In the beginning God created the heavens and the earth…and God saw that it was good. (Genesis 1:1-13) The Orthodox Church reads these opening words of the Bible on the first day of Lent. But the Church also reads Isaiah 1:1-20. “Hear, O heavens, and give ear, O earth; for the Lord has spoken…”
The Lord who created the heavens and the earth at the beginning now speaks to the heavens and the earth to bear witness to God’s accusation against the human race: “Sons have I reared and brought up, but they have rebelled against me. The ox knows its owner, and the ass its master’s crib; but Israel does not know, my people does not understand….What to me is the multitude of your sacrifices? says the Lord…When you spread forth your hands, I will hide my eyes from you; even though you make many prayers, I will not listen; your hands are full of blood. Wash yourselves; make yourselves clean; remove the evil of your doings from before my eyes; cease to do evil, learn to do good; seek justice, correct oppression; defend the fatherless, plead for the widow.” (Isaiah 1:2-17)
These are rough words spoken by God to the people that were chosen to be God’s people! But can’t you hear Jesus saying the same to us every time he reminds us, “I was hungry and you gave me no food, I was thirsty and you gave me no drink, I was a stranger and you did not welcome me, naked and you did not clothe me, sick and in prison and you did not visit me”? Surely it is the same Word who spoke to God’s people in the ancient times through Isaiah and to us through the incarnate Word, our Lord Jesus Christ. It’s the same voice speaking throughout the ages, because injustice is always aimed at the weak and the poor.
But the Lord Jesus always gives us hope of renewal and forgiveness. So also in Isaiah chapter 1, words of comfort follow immediately from the words of judgment: “Come now, let us reason together, says the Lord: though your sins are like scarlet, they shall be as white as snow; though they are red like crimson, they shall become like wool. If you are willing and obedient, you shall eat the good of the land…” Words of threat follow even these words of hope, because God is not in the business of feel-good delusions. God is in the business of making us good, from the inside out.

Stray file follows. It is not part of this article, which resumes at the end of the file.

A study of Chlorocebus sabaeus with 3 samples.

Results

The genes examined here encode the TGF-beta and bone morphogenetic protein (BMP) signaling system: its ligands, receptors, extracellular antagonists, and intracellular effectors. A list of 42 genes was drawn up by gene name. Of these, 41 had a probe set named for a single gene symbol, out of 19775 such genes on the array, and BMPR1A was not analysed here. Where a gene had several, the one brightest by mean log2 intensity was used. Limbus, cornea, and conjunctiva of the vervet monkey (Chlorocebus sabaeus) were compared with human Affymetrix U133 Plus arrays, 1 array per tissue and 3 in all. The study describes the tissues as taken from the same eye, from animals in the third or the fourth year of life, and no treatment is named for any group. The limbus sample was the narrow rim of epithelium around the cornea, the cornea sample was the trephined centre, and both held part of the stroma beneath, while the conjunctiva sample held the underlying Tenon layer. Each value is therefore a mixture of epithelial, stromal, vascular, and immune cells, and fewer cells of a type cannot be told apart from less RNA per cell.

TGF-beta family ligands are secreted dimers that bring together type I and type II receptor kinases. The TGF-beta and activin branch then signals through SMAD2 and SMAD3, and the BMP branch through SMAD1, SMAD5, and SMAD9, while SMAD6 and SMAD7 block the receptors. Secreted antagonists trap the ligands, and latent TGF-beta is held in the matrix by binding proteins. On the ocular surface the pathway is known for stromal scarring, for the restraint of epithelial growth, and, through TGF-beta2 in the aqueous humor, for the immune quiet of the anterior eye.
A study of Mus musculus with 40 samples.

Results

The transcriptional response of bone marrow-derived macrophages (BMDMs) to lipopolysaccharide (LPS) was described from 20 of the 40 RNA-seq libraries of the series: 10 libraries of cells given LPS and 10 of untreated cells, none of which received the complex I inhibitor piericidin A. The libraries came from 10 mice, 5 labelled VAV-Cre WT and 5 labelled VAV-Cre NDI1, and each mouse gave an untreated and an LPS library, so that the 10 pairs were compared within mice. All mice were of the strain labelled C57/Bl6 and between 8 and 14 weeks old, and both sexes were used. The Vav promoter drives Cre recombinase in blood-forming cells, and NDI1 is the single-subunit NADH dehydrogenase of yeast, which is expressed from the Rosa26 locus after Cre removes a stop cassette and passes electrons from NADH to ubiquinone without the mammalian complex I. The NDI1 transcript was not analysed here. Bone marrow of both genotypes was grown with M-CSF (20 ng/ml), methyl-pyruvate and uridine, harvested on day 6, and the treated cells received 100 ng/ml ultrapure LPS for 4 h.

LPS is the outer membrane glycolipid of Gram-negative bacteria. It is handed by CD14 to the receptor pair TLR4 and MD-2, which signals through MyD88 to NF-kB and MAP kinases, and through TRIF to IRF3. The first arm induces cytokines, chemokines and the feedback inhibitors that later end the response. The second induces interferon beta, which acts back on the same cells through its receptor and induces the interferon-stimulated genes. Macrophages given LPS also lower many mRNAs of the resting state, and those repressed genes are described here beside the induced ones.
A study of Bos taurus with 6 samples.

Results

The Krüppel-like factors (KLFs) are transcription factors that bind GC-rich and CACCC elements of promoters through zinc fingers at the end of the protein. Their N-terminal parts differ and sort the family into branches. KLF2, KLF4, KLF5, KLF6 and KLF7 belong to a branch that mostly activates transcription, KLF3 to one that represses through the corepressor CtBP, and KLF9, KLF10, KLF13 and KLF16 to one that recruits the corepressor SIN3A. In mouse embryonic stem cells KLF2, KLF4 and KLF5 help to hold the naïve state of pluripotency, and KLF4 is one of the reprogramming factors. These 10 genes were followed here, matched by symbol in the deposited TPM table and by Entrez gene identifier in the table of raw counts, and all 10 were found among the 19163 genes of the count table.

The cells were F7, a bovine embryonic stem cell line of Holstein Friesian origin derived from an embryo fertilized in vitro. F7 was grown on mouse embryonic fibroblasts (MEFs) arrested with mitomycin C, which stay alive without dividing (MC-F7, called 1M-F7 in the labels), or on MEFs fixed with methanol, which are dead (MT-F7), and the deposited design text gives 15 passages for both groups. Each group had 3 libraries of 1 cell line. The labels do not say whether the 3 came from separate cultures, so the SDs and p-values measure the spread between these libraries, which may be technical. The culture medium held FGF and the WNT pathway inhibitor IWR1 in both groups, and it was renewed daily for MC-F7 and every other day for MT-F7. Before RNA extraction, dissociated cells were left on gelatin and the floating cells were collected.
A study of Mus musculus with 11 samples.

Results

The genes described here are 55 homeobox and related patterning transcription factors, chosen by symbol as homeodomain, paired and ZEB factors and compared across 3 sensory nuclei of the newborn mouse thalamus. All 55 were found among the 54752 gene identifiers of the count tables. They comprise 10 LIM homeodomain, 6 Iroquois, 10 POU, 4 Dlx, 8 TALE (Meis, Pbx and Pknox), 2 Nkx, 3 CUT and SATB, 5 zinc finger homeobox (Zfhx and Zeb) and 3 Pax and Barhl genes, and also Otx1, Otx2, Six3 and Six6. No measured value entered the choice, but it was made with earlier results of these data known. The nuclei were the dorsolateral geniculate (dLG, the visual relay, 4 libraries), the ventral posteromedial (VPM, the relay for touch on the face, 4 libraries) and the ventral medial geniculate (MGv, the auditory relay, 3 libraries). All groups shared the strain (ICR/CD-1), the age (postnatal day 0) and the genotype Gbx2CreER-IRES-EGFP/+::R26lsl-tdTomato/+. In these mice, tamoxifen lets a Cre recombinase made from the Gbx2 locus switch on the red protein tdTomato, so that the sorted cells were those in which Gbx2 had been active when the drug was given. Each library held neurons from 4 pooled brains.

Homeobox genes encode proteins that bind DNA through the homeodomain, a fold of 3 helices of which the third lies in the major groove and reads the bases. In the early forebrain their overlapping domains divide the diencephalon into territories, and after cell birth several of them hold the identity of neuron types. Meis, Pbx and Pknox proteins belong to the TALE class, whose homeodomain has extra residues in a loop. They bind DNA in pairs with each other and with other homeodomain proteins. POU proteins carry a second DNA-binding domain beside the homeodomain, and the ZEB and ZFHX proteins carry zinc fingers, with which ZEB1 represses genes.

“God saw that it was good.” And when God created human beings at the completion of creation, God saw that “indeed, it was very good” (Genesis 1:31). God created everything to be good, the heavens and the earth and all life in the universe. And it was very good! But human beings have a tendency to corrupt what is good, and so we need the words of the Bible. Even our worship can be rejected by God when it is not accompanied by actions of faith and love of neighbor and stranger. At the start of Lent, the Church gives us two messages: the message of created goodness and the message of how that created goodness witnesses against us and the way we live. Isaiah is telling us that God is not impressed with our worship and our prayers – or our fasting; just jump to chapter 58 of Isaiah to see the proof!
But there is a third book we read from during Lent, the Book of Proverbs. It’s no one’s favorite book of the Bible, and much of it consists of old-fashioned moralistic advice. And yet this Book of Proverbs contains some of the most poetic words of the Bible. Consider the first chapter that is read by the Orthodox Church on this first day of Lent. It announces that the purpose of Proverbs is so that the reader or listener will “acquire skill, to understand a proverb and a figure, the words of the wise and their riddles.” But this is not esoteric understanding for the select few: “Wisdom cries aloud in the street; in the markets she raises her voice.”
Yes, Wisdom cries out in the marketplace, where people buy and sell, in the streets where people meet. The Bible offers a mosaic of voices and messages – just as we see on this first day of Lent – because the world is a mosaic of voices and messages. But God is right there in the midst of it all, reminding us how good everything is and how we have a habit of messing things up. The Bible is very much in the marketplace of ideas and consumer goods. Lent invites us to look at our priorities and evaluate the importance of the ideas and goods in our lives.
(Also posted on the parish website that I manage.)